Pentagon prosecutors touched off a protest — and issued an apology this week — for likening the Seminole Indians in Spanish Florida to al Qaeda in documents defending Guantánamo’s military commissions.
Citing precedents, prosecutors reached back into the Indian Wars in arguments at an appeals panel in Washington D.C. Specifically, they invoked an 1818 military commission convened by Gen. Andrew Jackson after U.S. forces invaded then-Spanish Florida to stop black slaves from fleeing through a porous border — then executed two British men for helping the Seminole Indians.
Navy Capt. Edward S. White also wrote this in a prosecution brief:
“Not only was the Seminole belligerency unlawful, but, much like modern-day al Qaeda, the very way in which the Seminoles waged war against U.S. targets itself violate the customs and usages of war.”
A politically ambitious Jackson, defense lawyers wrote, waged “an illegal war” that set fire to entire Indian villages “in a campaign of extermination.”
In the legal precedent, U.S. troops convicted two British traders, Alexander Arbuthnot and Robert Ambrister, for helping the Seminoles and escaped slaves and sentenced them to a whipping. Jackson, a slave owner, declared the punishment too soft. He had them executed.
Florida historians are familiar with the episode.
“Arbuthnot was hanged from the yard arm of his own ship,” said University of Florida history professor Jack Davis. “Ambrister was killed by firing squad.”
At issue in the Court of Military Commissions Review is whether a newly minted post 9/11 war court crime — providing material support for terror — is legitimate for prosecution at a war crimes tribunal.
At oral arguments last week, prosecutors argue that when Congress created the war crime in 2006, it simply gave a new name to an old crime — “Aiding the Enemy” — that is also a available as a Guantánamo war crime, though never charged.
The military court is the first stop in a war court appeals system that could next go to a federal appeals court and the U.S. Supreme Court.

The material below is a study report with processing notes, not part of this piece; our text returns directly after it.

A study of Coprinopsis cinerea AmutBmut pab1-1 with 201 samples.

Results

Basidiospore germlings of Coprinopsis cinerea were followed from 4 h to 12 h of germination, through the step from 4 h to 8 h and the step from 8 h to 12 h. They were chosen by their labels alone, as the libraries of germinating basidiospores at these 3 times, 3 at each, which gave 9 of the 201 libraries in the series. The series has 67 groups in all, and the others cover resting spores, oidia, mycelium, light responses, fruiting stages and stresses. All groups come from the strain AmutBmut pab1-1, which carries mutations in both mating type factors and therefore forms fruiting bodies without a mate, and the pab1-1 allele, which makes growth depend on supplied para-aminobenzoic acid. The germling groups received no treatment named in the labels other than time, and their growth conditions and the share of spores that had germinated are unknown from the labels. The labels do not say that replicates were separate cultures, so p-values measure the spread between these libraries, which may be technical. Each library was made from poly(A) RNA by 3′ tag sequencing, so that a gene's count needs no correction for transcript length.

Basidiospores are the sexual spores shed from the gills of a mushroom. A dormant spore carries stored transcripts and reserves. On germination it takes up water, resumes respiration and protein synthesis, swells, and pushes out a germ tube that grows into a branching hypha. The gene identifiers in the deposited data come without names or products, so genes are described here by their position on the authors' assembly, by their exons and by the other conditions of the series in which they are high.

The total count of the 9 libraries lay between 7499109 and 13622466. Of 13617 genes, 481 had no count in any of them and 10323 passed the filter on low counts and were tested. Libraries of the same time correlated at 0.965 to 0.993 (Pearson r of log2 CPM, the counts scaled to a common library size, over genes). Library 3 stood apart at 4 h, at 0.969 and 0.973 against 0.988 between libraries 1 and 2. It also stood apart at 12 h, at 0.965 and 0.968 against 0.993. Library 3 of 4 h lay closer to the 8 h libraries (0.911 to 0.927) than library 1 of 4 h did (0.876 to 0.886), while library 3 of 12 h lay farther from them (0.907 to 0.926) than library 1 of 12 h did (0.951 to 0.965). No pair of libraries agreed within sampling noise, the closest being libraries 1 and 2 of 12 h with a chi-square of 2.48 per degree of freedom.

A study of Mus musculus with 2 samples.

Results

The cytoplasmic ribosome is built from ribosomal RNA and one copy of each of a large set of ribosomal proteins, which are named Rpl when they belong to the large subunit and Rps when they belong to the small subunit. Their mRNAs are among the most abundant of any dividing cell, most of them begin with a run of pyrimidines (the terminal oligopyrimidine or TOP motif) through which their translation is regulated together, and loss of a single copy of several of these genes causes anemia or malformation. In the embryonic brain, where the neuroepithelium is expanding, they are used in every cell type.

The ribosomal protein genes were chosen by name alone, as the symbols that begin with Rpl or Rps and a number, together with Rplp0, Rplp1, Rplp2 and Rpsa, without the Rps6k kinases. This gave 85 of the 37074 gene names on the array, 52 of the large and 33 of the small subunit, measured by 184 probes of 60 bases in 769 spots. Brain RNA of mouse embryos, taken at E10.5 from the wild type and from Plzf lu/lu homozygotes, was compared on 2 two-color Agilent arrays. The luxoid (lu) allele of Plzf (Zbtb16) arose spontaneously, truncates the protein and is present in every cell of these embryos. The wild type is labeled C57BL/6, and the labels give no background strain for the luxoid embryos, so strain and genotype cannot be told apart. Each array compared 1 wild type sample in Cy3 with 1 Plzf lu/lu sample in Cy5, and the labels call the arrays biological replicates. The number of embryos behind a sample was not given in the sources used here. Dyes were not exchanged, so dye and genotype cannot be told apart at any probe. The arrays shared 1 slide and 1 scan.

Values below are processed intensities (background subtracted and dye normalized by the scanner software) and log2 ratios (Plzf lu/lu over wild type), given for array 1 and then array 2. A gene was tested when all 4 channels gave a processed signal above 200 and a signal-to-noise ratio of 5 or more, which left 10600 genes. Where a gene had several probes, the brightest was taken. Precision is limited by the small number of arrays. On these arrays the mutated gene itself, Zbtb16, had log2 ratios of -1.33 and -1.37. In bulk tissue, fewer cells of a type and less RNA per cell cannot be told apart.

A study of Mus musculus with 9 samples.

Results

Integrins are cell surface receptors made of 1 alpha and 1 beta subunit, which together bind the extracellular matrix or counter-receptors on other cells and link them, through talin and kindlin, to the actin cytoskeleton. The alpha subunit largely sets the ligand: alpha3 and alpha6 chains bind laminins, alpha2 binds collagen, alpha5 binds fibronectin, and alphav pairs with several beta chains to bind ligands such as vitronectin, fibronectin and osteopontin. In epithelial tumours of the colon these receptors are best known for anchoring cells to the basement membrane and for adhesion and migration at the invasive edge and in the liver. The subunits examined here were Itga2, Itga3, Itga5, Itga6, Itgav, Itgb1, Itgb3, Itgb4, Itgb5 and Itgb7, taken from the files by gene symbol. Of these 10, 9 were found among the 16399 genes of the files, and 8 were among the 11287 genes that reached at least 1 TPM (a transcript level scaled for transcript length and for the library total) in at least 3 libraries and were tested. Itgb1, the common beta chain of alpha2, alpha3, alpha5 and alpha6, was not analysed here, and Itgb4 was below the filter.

Retired Army Col. Francis Gilligan, defending the August 2008 conviction of Osama Bin Laden’s driver, Salim Hamdan, said in the 1818 case, “the substance there was the savage killing of civilians.”
Then, “The goal we know of al Qaeda is the savage killing of Americans wherever they find them throughout the world.”
The same day, the National Congress of American Indians, wrote the court.
“We wish to express our significant concern at the distorted and offensive historical analogy used by the United States in this case when it compared the first ‘Seminole War’ of 1817-18 to the terrorism of al Qaeda,” wrote John H. Dossett, the advocacy’s group lawyer
“The comparison of Native Americans to al Qaeda is disrespectful,” he said, to the nearly 24,000 American Indians currently serving in the U.S. armed forces, and some 383,000 veterans.
Davis, the history professor, calls the comparison “ridiculous.”
“One can make the argument that al Qaeda is the aggressors,” he told The Miami Herald from Gainesville, “but the Seminoles were the innocent targets.”
“It was Jackson invading the territory of a sovereign country, Spain, and he’s executing within that territory citizens of another sovereign country, Britain.”
By Monday, the chief Pentagon War Crimes prosecutor, Navy Capt. John F. Murphy, along with Gilligan and White, notified the appeals court that the government did not object to a National Congress of American Indians filing.
Moreover, the prosecutors acknowledged that the Seminole portion of the brief “could have benefited from greater precision.”
The government “in no way questions or impugns the valor, bravery and honorable military service of Native Americans, past and present,’’ the prosecutors wrote, adding that the Military Commissions prosecution team “does not, in fact, equate the conduct of the Seminoles in 1817-1818 with that of al Qaeda and its affiliated terrorist group.”
Rather, they wrote, the government “cites General Jackson’s campaign and the tribunals he convened not as an example of moral right but as legal precedent: the morality or propriety of General Jackson’s military operation in Florida is irrelevant.”
Defense lawyers, however, urged the court to ignore the Seminole argument.
In Florida, the Seminoles first learned of the brouhaha from a Miami Herald reporter.
General Counsel Jim Shore declared the tribe’s 3,500 members “deeply offended” by the government position.
“To equate the historic struggle of our ancestors in resisting General Andrew Jackson’s unlawful invasion of our homeland to al Qaeda terrorism is a vicious distortion of well-documented history,” he said Wednesday.
Shore said he would soon write Defense Secretary Roberts Gates “demanding” that the government withdraw the offending portion of the brief.
“The Government’s strained comparison of Native Americans to al Qaeda is disrespectful to our Tribe, all American Indians and our American Indian military veterans, as well as those in active military service,” he said.